Why homes sold through right to buy are not being replaced as promised


Inside Housing examines why homes sold through right to buy are not being replaced as promised

For use in 16 January 2015


In 2012, the government announced it was revitalising the Tory party’s most famous council housing policy. Right to Buy, which had faded into obscurity during the recession, was coming back with a bang, with tenants offered £75,000 off the sale price of their home. But the coalition also promised any additional social homes sold would be replaced ‘one-for-one’ with affordable rent properties. Since then, 22,900 homes have been sold. But promised replacements are not coming, with just 4,800 started and 10,000 planned. Inside Housing takes a trip to Toyland to explain why


Here is a brick house. Yesterday, it was part of Toyland District Council’s stock of 4,000 properties, providing a home at social rent to the town’s many minifigures that couldn’t afford to buy one at the full toy shop rate.

Now it’s been sold under Right to Buy. This pile of bricks represents the market value of the home, which the council has to use to build a replacement.

Toyland is in the south east, giving the pile a value of £200,000 – enough for a new home. But most of it will go elsewhere.

For use in 16 January 2015


Immediately, a big chunk of the pile disappears in the discount given to former social tenants, Mr and Mrs Block. The discount is now £77,000 – raised from £75,000 in August to account for inflation. It will continue to rise annually.

This leaves £123,000 – still a pretty big pile – but Toyland is lucky in this respect. In London, the discount is £102,700. And in many parts of the country, homes are worth much less. Under the current rules, the discount can wipe out up to 70% of the original value of the home.

For use in 16 January 2015


And there is more to come. In 2012, councils were allowed to keep the rent from their homes, rather than pay it back to government for the first time. But in return they had to take on a share of the historic debt these homes carry.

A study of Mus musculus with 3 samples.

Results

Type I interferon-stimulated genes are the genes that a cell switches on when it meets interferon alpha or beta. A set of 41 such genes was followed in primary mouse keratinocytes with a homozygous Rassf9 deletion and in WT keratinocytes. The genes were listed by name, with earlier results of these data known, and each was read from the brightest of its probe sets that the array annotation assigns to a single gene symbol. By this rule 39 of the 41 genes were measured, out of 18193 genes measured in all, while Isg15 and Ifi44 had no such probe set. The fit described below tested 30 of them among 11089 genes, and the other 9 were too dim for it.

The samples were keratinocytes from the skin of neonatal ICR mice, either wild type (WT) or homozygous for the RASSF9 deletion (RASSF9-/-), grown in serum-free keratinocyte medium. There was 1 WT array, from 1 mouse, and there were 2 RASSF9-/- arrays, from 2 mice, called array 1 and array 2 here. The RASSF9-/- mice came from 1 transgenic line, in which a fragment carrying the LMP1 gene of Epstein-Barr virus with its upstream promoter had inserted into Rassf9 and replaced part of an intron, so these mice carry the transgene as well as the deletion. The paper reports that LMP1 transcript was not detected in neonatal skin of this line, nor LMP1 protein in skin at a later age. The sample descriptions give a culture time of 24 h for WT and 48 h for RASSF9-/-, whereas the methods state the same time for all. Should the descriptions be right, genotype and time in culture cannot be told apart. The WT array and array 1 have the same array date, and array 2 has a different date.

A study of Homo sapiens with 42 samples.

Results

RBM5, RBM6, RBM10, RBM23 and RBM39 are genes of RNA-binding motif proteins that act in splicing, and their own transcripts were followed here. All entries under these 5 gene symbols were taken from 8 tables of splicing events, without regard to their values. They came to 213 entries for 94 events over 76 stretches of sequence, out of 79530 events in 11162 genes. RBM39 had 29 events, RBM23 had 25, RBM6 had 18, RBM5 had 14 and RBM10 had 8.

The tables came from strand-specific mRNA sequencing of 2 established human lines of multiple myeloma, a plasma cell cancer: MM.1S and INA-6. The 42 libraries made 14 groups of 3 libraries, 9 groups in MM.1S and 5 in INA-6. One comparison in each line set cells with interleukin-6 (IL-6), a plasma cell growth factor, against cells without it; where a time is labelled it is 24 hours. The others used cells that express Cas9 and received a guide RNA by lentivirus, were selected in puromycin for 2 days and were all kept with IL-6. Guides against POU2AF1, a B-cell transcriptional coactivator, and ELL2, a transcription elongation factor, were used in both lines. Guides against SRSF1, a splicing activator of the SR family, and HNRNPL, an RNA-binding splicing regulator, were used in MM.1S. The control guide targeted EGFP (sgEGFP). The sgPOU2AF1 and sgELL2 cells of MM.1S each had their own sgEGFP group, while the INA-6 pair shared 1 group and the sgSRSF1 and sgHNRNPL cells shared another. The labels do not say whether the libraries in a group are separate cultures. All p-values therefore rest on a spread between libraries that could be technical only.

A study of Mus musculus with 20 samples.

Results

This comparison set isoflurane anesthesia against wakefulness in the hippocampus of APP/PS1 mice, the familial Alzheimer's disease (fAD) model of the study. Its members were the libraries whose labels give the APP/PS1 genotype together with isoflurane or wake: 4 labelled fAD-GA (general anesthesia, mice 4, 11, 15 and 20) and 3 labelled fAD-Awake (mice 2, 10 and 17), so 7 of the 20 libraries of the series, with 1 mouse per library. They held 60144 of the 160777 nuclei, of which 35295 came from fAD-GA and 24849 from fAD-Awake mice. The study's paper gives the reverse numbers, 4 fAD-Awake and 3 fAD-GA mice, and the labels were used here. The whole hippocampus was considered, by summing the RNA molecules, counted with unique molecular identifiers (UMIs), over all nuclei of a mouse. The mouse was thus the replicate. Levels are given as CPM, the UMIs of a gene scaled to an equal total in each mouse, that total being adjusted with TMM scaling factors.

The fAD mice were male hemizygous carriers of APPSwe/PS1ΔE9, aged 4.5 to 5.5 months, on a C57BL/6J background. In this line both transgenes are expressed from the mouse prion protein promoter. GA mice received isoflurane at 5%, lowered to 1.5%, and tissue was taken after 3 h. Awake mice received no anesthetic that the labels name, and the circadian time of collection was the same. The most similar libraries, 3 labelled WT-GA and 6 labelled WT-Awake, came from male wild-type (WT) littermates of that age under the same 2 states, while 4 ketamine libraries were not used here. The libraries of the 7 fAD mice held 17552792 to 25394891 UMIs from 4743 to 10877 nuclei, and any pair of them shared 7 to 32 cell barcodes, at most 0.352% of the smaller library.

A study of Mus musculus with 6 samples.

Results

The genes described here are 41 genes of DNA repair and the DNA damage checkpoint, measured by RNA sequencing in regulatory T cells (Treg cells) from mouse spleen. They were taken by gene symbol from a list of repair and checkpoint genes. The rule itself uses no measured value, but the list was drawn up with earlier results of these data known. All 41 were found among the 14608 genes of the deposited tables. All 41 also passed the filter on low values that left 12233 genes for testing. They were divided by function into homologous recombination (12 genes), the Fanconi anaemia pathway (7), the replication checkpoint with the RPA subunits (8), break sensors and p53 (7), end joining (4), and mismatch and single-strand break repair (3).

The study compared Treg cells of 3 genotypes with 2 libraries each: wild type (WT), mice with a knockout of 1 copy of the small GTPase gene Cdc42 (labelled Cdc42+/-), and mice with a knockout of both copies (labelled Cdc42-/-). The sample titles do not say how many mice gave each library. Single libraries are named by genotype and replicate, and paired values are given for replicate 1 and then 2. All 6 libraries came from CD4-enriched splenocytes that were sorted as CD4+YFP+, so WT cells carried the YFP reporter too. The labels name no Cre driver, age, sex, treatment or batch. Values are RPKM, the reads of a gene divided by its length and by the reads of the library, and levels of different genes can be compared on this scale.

The government formulas meant Toyland District Council was given £40m of this debt, and were expected to use the rent paid by tenants to cover it.

When the government agreed this settlement, it assumed some homes would be sold. But the big discounts on offer mean Toyland has sold 120 homes since 2012 – 80 more than the government predicted.

This means it is getting less rent, and has less income to pay the debt. So it needs to take a chunk of the receipt to pay this debt back.

Here, Toyland takes £17,000 to repay debt. Of the original pile, £106,000 is left.

Last week, Inside Housing revealed paying back historic debt has accounted for £368.3m of the £1.54bn raised through right to buy since 2012.

For use in 16 January 2015


Now it gets tricky. Before the policy was revamped in 2012, the Treasury took roughly 75% of the cash from sales and the council kept the rest.

When the discounts were increased, neither the Treasury nor the councils wanted to lose this income. So a formula was devised to predict how much each would have received, and they still get to keep this share.

In Toyland, the formula assumed the council would have sold six homes in the last quarter of 2014. This would have seen the council get £450,000 and the Treasury £1m. This £1.45m still needs to be handed out before any cash is used for replacements.

But with Mr and Mrs Block, and the other tenants, getting a much bigger discount than they did before, Toyland has to sell 10 homes to generate £1.45m – not the six originally assumed.

It’s impossible to calculate how much of each sale goes to the Treasury and council general funds. It depends how many others have been sold. But since 2012, £151m has gone into council general funds from Right to Buy sales and £358m has gone to the Treasury – roughly a third of the total generated.

For use in 16 January 2015

What’s left?

Toyland takes a further £1,300 out of the pile to cover the administration of the scheme. While this doesn’t seem like a lot, it comes to £12.7m nationwide.

Now it needs to build the replacement home. But as you can see, the pile it’s left to work with is pretty measly.

The government told the council to borrow 70% of the cash to build new ones – but has limited the council’s borrowing power to £170m, a figure which is very close to being reached.

It has also told them to rent the new house out at ‘affordable’ rents, which means most minifigures would need housing benefits to live there.

Councils like Toyland now say delivering the government’s promise of one-for-one replacements is impossible, unless the government lets them keep a few more bricks.